Nancy Grace(less) at Headline News
Anyone who witnessed legal analyst Nancy Grace's combative performance at the recent Television Critics Association press tour in Los Angeles won't be surprised by the behind-the-scenes reports coming from CNN Headline News' new show, Nancy Grace. The diva act continues. But CNN may be inclined to take the bad with the good, because Grace is lifting the beleaguered channel in the ratings.
Just one week into the prime time show (which got off to a rocky start with a glitch-filled premiere), Grace has already had her makeup person reassigned, and laced into a production staffer so mercilessly that he quit the show. (A CNN spokesperson dismissed any talk of problems, saying every new show has growing pains.) In a departure for the traditionally low-glitz CNN, Grace has commanded a room of her own for makeup. But it's not as if she wants privacy; the host calls her staff in for meetings while she's being spruced up.
As the show enters its second week, CNN staffers expect more tension. “This is cable, honey. Skip the diva business,” says one. It was an echo of reactions to Grace's grande dame manner during the TCA gathering in January.
The good news: “Nancy Grace Premiere Week” goosed the longtime ratings laggard Headline News by 81% in the 8 p.m. (ET) time slot and outpaced Keith Olbermann's Countdown on MSNBC.
Translation In 'Lost' Lost
Remember when snow on the screen could ruin a TV show? Those days were back, sort of, last week for some Lost viewers. Fans of the ABC hit learned about the mysterious past of Korean couple Sun and Jin early in the Feb. 23 episode during a flashback scene, where the conversation in Korean was translated in subtitles on the bottom of the screen. In New York, however, Lost viewers were simply lost. WABC ran a crawl across the lower part of the screen announcing a winter-weather advisory, blocking the subtitles.
Annoyed viewers called WABC to complain, but President/GM Dave Davis says that the number of calls—though he declined to be specific—was not significant. And the calls didn't just come into the switchboard; Davis says he heard directly from some viewers, and he apologized for the inconvenience. But, he adds, “it was done for the right reason, to give emergency weather information.”
The snowed-in viewers didn't miss any earthshaking revelations. Though it would have been nice to see the dialogue, the gist of the scene was that Jin asks Sun's father for her hand in marriage. The father demands to know how Jin will support her and suggests he come to work for him. When the episode repeats, this summer, fans in New York planning to recapture the Lost lines had better hope there aren't any severe thunderstorms tracking their direction.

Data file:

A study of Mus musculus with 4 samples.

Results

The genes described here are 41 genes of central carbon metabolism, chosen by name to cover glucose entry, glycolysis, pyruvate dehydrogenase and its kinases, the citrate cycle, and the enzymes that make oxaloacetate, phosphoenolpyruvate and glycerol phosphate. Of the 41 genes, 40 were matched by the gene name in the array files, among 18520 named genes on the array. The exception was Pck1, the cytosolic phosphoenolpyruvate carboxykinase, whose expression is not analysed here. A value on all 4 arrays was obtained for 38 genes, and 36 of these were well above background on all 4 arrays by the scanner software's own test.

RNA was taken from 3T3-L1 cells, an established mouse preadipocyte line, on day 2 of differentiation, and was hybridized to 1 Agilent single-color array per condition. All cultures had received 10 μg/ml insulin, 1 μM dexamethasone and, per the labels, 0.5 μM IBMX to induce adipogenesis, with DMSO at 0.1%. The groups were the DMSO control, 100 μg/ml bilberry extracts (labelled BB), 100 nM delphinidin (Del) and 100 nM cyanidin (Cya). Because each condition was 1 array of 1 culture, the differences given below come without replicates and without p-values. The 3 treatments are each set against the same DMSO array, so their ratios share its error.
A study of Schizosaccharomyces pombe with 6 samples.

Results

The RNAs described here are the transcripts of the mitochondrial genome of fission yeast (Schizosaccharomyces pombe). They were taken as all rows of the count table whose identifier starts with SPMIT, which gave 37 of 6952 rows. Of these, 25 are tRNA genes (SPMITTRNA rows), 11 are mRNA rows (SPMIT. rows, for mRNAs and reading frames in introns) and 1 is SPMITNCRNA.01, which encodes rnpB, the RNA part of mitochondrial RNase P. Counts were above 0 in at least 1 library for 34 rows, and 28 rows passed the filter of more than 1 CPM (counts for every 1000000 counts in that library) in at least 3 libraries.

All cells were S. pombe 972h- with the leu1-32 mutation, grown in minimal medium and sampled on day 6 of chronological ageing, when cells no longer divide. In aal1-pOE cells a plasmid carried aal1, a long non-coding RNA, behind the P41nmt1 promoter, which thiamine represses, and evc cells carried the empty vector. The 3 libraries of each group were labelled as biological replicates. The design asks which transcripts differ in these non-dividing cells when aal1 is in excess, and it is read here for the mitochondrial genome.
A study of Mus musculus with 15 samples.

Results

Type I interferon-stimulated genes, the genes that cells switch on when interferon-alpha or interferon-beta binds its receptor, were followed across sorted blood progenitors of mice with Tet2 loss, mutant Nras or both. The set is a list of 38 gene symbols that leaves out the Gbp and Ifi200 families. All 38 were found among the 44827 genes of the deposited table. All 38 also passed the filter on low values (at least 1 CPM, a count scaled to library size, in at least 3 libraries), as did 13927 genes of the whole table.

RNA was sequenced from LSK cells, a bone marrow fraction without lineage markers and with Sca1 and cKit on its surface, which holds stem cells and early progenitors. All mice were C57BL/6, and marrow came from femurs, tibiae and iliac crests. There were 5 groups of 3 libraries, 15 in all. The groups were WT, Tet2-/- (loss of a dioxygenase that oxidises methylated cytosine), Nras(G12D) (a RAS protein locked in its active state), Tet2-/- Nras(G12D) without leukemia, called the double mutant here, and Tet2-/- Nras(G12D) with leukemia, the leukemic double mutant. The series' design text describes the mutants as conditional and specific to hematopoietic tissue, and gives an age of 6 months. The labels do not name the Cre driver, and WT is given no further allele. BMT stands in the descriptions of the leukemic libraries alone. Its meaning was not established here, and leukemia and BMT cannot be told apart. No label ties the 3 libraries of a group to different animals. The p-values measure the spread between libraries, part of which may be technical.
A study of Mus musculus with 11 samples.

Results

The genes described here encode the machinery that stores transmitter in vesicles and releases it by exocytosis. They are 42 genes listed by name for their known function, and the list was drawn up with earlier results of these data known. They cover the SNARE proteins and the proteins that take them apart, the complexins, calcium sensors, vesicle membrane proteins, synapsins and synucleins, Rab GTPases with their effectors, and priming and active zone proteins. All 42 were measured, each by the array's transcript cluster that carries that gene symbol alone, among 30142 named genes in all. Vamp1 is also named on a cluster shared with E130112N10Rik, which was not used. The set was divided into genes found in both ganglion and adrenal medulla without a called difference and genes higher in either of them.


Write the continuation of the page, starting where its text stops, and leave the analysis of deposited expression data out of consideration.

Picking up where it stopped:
Dr. Thompson's Twisted Quote
After Hunter S. Thompson committed suicide on Feb. 20, tributes to the godfather of gonzo journalism began to pour in. Many of them quoted liberally from Thompson's work, including this classic:
“The music business is a cruel and shallow money trench, a long plastic hallway where thieves and pimps run free, and good men die like dogs. There's also a negative side.”
If you're the kind of person who still reads newspapers, you might have encountered this quote in the Chicago Tribune, the UK Guardian, the Orange County Register, the Toronto Star, the UK Evening Standard, and many other inky news outlets.
It's a wonderful, vivid, typically Thompsonian journalistic hand grenade. Except he didn't say it. Or write it. At least not about the music business.
No, Dr. Thompson was describing something dear to B&C: the television business. And delete the line about “There's also a negative side, too.” It's also wrong.
In 2001, About.com's urban folklorist, David Emery, researched the origin of Thompson's famous quote. He found that a line from a Thompson column for the San Francisco Examiner in 1985 had been widely misquoted, applied to a variety of industries, including music, radio and public relations. [To its credit, the Chicago Tribune ran a correction last week.]
For the record, here's the real quote, bird-dogged by Emery, which you can find in Thompson's Generation of Swine: Tales of Shame and Degradation in the '80s:
“The TV business is uglier than most things. It is normally perceived as some kind of cruel and shallow money trench through the heart of the journalism industry, a long plastic hallway where thieves and pimps run free and good men die like dogs, for no good reason.”